Aircraft refueling may be a common and routine procedure, but you cannot afford to be complacent or inattentive. When fueling, you must keep sparks from occurring, and mitigate the damage when they do.
The primary danger associated with fueling an aircraft is the possibility of a spark igniting fuel vapors and starting a fire. Precautions can help, but ultimately, vigilance and competence are what prevent this from happening.
Some rules should always be followed while fueling. First, never fuel indoors, such as a hangar. Instead, always fuel outdoors, but remember that this does not remove the danger of fuel vapor igniting. Contrary to popular expectations, fuel vapors do not dissipate in the outdoor air. Instead, they will settle and spread, keeping the ignition risk purely in the area of fueling. Of course, if any fuel spills, stop fueling immediately.
This is painstakingly obvious, but do not allow open flames near fueling operations! Don’t just avoid smoking yourself, keep an eye out for anyone else taking a cigarette break near the aircraft as well. Different operations will have different rules on the required distance but exercise good judgement if you feel someone is too close.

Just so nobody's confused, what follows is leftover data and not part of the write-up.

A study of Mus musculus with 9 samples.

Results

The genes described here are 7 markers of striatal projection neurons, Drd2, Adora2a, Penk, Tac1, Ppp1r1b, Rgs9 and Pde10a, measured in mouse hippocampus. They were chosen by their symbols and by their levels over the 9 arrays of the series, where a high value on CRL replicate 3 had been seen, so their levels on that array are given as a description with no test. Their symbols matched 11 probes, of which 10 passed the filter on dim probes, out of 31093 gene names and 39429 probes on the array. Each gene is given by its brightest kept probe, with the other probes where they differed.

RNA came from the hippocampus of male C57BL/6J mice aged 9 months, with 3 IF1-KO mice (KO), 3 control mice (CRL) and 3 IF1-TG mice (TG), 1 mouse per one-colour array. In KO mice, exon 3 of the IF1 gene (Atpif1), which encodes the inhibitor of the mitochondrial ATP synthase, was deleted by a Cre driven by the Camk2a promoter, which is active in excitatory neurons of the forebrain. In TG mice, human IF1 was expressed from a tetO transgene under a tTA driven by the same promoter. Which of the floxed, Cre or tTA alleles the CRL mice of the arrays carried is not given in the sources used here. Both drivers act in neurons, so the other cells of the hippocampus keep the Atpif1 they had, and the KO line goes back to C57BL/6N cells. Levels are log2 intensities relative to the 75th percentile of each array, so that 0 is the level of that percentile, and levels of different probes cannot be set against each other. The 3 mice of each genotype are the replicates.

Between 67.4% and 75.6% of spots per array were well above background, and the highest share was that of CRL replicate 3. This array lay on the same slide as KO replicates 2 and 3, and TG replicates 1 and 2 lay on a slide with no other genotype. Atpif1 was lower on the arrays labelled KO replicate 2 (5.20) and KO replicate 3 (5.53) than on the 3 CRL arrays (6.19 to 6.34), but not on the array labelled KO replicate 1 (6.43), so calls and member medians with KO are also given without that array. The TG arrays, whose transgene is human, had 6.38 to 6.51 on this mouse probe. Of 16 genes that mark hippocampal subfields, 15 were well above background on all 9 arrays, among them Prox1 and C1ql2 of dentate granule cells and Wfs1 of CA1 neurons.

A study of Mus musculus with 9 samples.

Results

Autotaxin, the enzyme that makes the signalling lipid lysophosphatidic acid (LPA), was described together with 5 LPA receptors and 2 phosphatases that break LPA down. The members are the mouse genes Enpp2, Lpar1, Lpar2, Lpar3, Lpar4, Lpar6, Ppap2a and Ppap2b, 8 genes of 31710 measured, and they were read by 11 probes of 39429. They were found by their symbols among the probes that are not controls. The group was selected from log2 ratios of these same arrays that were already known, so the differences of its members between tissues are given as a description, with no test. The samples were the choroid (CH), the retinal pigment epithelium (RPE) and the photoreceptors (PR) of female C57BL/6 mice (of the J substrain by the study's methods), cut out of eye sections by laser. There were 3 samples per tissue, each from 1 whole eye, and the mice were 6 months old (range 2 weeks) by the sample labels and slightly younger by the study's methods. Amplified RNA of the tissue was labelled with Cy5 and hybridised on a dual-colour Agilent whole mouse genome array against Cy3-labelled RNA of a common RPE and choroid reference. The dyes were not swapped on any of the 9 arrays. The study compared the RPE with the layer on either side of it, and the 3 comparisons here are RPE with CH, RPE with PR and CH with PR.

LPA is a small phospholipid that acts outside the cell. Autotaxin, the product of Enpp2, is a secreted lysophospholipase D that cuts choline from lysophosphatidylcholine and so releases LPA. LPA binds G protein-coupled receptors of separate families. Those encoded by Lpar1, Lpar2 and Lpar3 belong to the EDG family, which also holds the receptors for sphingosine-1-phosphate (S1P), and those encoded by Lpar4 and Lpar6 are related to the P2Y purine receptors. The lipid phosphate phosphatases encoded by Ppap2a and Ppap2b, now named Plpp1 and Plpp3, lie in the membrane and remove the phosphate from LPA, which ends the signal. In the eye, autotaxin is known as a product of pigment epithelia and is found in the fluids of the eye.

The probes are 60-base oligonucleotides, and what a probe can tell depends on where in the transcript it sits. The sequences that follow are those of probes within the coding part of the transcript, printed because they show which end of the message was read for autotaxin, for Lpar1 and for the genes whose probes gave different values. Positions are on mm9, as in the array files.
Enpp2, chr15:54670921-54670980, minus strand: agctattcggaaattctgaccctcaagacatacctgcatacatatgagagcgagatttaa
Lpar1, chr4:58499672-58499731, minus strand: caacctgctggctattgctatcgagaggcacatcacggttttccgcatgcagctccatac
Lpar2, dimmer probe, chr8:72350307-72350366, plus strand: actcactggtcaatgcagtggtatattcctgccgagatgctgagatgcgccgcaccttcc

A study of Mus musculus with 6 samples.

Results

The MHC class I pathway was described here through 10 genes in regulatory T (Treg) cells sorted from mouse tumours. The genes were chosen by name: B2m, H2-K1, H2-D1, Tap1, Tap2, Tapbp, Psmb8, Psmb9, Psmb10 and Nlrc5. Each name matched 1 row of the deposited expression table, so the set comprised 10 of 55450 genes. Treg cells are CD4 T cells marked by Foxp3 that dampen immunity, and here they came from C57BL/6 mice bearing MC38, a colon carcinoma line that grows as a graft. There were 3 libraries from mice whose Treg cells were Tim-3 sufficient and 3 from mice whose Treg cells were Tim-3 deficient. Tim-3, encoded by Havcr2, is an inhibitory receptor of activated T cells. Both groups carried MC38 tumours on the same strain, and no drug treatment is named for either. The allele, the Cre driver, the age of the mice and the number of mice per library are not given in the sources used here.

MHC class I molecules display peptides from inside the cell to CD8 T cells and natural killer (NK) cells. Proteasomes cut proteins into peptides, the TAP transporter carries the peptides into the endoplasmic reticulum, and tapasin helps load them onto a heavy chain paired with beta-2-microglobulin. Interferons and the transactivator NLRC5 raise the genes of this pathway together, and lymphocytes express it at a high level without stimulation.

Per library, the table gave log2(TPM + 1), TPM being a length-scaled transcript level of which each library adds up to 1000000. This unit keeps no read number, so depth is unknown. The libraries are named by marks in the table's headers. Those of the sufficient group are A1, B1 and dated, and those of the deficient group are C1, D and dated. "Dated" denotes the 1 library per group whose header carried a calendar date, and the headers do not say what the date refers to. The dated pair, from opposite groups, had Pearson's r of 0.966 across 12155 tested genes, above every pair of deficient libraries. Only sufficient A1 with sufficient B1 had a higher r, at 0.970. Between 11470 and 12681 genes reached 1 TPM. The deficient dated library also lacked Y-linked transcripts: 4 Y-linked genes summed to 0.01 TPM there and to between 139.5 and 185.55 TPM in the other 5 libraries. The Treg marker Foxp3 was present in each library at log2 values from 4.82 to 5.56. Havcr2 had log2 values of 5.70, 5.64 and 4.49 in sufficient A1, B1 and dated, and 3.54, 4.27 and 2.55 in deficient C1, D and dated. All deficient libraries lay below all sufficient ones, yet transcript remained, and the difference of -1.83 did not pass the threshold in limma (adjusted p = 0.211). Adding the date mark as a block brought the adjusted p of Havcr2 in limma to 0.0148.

While fueling, keep an eye on the operation itself: make sure that all trucks are grounded properly, keep passengers out of the area, know the location of the nearest fire extinguisher, and end fueling immediately if there is a thunderstorm or severe weather event within 20 nautical miles.
Some operations permit ‘hot refueling,’ which is refueling while the engine is still running. Even if it is allowed, it is not something to be taken lightly. If you have even the slightest reason to doubt the safety of a hot refueling, shut off the engine and refuel normally. Remember that hot refueling should only be done with Jet A or Jet A-1 fuel. AvGas has a low flash point and is more likely to ignite under such an operation. Also, hot refueling should only be done on aircraft where the engine is located above the fuel system. If fuel spills onto a running engine, a fire is all but certain to occur.
Hot refueling is done for the sake of haste, it cannot be rushed. Passengers should be safely disembarked before starting, be sure to close all doors and windows near the fuel point, and do not allow passengers to enter or leave once fueling has begun. Remain at the controls, ready to react if something goes wrong.